UK Car Dealer Breaks Bad

Estimated read time 3 min read

He sold “deathtrap” cars to unwitting buyers online.

Car dealers don’t, in general, have a great public image. While some play dumb or even openly wonder why, pretty much anyone who has experience buying cars can rattle off at least a few big reasons. Most of them come down to one thing: too many dealers are deceptive or dishonest in their practices. While we can debate whether dealers have tried deceiving people or that shoppers don’t understand used cars can break after they’re sold, one dealer in the UK seems to have taken some lessons from Breaking Bad to get the cash flowing.

Protect yourself against online car sales fraud.

Just like Water White, this guy seemed to have everything flowing smoothly, even hiding his identity as he sold all the vehicles online. According to a report from Manchester Evening News, Mohammed Sajad was arrested and charged for defrauding 11 people he sold cars to. When his case went to court, the judge said there were likely many more victims.

To shroud his identity from victims and subsequently the authorities, Sajad used fake business names on eBay, Facebook Marketplace, and other websites. He also forged fake documents for the cars and wouldn’t meet up with his customers, conducting all business online or over the phone.

And similar to Walter White, Sajad is accused to engaging in a money laundering scheme to throw authorities off his trail. We don’t know if he bought a laser tag facility or a car wash to make his financial gains look legitimate, but we do know this guy sold at least 360 cars over a two-year period while running this scheme.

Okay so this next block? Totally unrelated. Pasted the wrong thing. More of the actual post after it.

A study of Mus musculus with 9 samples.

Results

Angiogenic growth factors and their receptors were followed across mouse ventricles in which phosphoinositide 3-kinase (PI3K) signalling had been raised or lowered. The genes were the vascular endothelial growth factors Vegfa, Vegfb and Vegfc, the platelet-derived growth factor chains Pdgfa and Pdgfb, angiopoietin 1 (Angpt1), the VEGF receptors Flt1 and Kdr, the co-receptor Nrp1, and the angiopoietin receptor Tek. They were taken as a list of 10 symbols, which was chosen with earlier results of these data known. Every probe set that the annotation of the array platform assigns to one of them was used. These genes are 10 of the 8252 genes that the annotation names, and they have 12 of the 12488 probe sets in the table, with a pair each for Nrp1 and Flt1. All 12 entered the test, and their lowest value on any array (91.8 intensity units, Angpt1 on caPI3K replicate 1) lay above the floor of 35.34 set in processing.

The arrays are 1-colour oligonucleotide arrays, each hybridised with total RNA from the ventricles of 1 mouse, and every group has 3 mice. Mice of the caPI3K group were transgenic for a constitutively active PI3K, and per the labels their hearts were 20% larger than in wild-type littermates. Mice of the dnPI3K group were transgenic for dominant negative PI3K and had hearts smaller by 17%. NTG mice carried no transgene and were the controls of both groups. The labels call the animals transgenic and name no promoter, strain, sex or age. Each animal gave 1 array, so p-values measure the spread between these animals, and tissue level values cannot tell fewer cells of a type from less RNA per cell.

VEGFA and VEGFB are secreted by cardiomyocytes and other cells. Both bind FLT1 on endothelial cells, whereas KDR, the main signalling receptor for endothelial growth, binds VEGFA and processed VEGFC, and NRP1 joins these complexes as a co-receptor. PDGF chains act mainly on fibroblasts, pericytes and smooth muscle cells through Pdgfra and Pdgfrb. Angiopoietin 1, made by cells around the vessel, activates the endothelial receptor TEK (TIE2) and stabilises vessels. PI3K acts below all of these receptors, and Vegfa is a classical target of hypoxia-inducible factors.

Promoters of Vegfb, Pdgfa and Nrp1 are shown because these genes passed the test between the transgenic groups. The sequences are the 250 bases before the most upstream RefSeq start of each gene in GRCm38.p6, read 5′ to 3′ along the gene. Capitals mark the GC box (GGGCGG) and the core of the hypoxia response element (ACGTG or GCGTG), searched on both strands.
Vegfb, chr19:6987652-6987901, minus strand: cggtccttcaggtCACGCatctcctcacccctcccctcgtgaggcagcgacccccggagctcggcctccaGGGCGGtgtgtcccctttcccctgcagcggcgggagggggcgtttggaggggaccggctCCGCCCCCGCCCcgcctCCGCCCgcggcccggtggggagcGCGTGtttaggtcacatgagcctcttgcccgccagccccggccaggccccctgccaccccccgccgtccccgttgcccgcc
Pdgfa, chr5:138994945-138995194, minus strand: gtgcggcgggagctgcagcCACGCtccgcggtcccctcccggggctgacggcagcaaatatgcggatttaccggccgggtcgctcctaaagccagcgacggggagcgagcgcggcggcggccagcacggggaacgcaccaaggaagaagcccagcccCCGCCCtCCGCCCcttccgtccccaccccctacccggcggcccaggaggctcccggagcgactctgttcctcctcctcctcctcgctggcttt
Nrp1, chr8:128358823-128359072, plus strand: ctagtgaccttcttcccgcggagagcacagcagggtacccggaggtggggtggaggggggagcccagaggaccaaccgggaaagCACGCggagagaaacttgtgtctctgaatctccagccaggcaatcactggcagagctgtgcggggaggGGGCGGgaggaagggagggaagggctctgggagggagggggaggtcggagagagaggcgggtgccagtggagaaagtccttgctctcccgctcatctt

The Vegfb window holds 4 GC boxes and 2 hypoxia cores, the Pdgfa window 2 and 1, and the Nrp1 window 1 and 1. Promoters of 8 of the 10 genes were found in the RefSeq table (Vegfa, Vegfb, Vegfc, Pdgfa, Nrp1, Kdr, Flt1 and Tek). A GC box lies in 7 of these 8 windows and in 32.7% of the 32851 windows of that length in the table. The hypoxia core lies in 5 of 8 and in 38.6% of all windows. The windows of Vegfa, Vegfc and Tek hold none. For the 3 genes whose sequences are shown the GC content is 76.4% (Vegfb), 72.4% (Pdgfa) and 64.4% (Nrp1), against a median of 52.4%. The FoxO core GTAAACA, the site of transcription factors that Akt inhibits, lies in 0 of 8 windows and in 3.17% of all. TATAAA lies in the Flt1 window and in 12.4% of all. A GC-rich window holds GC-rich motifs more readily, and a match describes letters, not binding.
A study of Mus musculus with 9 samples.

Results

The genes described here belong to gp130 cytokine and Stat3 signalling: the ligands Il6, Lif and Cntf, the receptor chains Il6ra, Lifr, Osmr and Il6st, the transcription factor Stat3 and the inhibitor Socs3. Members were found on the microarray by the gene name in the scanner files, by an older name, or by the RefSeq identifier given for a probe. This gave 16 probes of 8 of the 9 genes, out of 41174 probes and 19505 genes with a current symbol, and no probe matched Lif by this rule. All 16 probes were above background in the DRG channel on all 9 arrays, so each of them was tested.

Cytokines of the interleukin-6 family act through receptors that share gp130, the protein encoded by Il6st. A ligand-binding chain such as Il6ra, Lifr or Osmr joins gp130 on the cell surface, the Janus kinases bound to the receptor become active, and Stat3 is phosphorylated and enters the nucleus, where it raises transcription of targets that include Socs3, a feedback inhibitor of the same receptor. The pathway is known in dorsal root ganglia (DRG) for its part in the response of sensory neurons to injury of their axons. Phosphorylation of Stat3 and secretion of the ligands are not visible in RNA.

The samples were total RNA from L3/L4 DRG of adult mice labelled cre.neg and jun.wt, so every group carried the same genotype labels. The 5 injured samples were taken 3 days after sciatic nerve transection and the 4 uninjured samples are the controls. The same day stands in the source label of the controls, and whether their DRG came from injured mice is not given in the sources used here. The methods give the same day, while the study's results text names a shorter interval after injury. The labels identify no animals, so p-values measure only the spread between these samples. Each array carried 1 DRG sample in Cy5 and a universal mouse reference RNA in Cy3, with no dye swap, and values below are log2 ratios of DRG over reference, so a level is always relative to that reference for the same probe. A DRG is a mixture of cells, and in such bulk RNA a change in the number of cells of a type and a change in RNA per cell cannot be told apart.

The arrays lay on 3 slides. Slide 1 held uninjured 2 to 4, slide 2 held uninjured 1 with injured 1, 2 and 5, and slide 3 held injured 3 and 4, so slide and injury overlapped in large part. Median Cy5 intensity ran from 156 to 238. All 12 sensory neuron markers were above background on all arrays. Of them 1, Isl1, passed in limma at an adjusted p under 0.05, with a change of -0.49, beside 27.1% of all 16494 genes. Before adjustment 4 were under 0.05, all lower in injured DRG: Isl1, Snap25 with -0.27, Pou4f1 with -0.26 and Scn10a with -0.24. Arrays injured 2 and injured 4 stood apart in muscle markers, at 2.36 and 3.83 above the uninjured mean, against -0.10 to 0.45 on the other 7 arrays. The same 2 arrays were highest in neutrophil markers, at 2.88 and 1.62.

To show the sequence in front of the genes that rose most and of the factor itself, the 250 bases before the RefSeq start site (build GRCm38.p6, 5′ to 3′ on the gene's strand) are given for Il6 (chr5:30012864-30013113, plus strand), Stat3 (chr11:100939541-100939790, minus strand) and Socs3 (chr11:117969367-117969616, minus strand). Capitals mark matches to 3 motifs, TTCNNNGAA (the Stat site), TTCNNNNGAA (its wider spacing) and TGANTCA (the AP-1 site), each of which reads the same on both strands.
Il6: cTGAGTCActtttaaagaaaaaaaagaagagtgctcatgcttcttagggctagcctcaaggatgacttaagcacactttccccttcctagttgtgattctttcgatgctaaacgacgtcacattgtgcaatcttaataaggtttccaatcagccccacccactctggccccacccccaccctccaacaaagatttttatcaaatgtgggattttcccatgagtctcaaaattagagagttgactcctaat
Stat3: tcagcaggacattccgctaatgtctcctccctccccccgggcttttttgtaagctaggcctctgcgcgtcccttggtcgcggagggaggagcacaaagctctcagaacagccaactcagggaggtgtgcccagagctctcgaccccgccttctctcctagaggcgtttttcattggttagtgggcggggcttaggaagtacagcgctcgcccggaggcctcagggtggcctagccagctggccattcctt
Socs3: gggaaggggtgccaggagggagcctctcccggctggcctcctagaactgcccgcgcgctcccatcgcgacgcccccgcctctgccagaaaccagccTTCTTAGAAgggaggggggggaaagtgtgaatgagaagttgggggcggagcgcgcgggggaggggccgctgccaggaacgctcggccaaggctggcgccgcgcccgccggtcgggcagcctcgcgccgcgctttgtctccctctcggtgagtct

While some term the cars sold to individuals as “deathtraps” we find some of the examples cited to be anything but. For example, a Mercedes sold to one shopper for £11,000 was “filthy” with used tissues and water bottles littering the interior. The luxury vehicle also had damaged wheels and tires which were beyond the legal depth. While selling a car with unsafe tires by a dealer which registers it for road use is illegal here in the US, private parties do sell dirty cars all the time. Cleaning it up might be a pain, but that certainly doesn’t seem like fraud to us. Then again, we’re not getting every gritty detail of this case.

However, some of the vehicles sold did have serious problems. For example, a Toyota had unrepaired structural damage from a previous crash. Something like that could prove fatal if the vehicle were in another collision. Another vehicle was sold with a hole in the gas tank.

With the judge characterizing Sajad’s business as hinging on “deceit” as “a core part for this business” the man wasn’t going to walk out of court a free man. Instead, he was slapped with a jail sentence of two years and 11 months, even though Sajad’s attorney argued his client got married and is expecting a child after trying to mend his ways.

This case perfectly highlights why as a car shopper you need to be on the lookout for schemes, especially when it comes to online transactions. Never meeting the seller in person is a huge warning sign. If a vehicle is being sold at well below market value, proceed with extreme caution. And when you do see documentation, pour over the details to check for spelling or grammar errors. It’s a good idea to run the VIN through a history check service, too.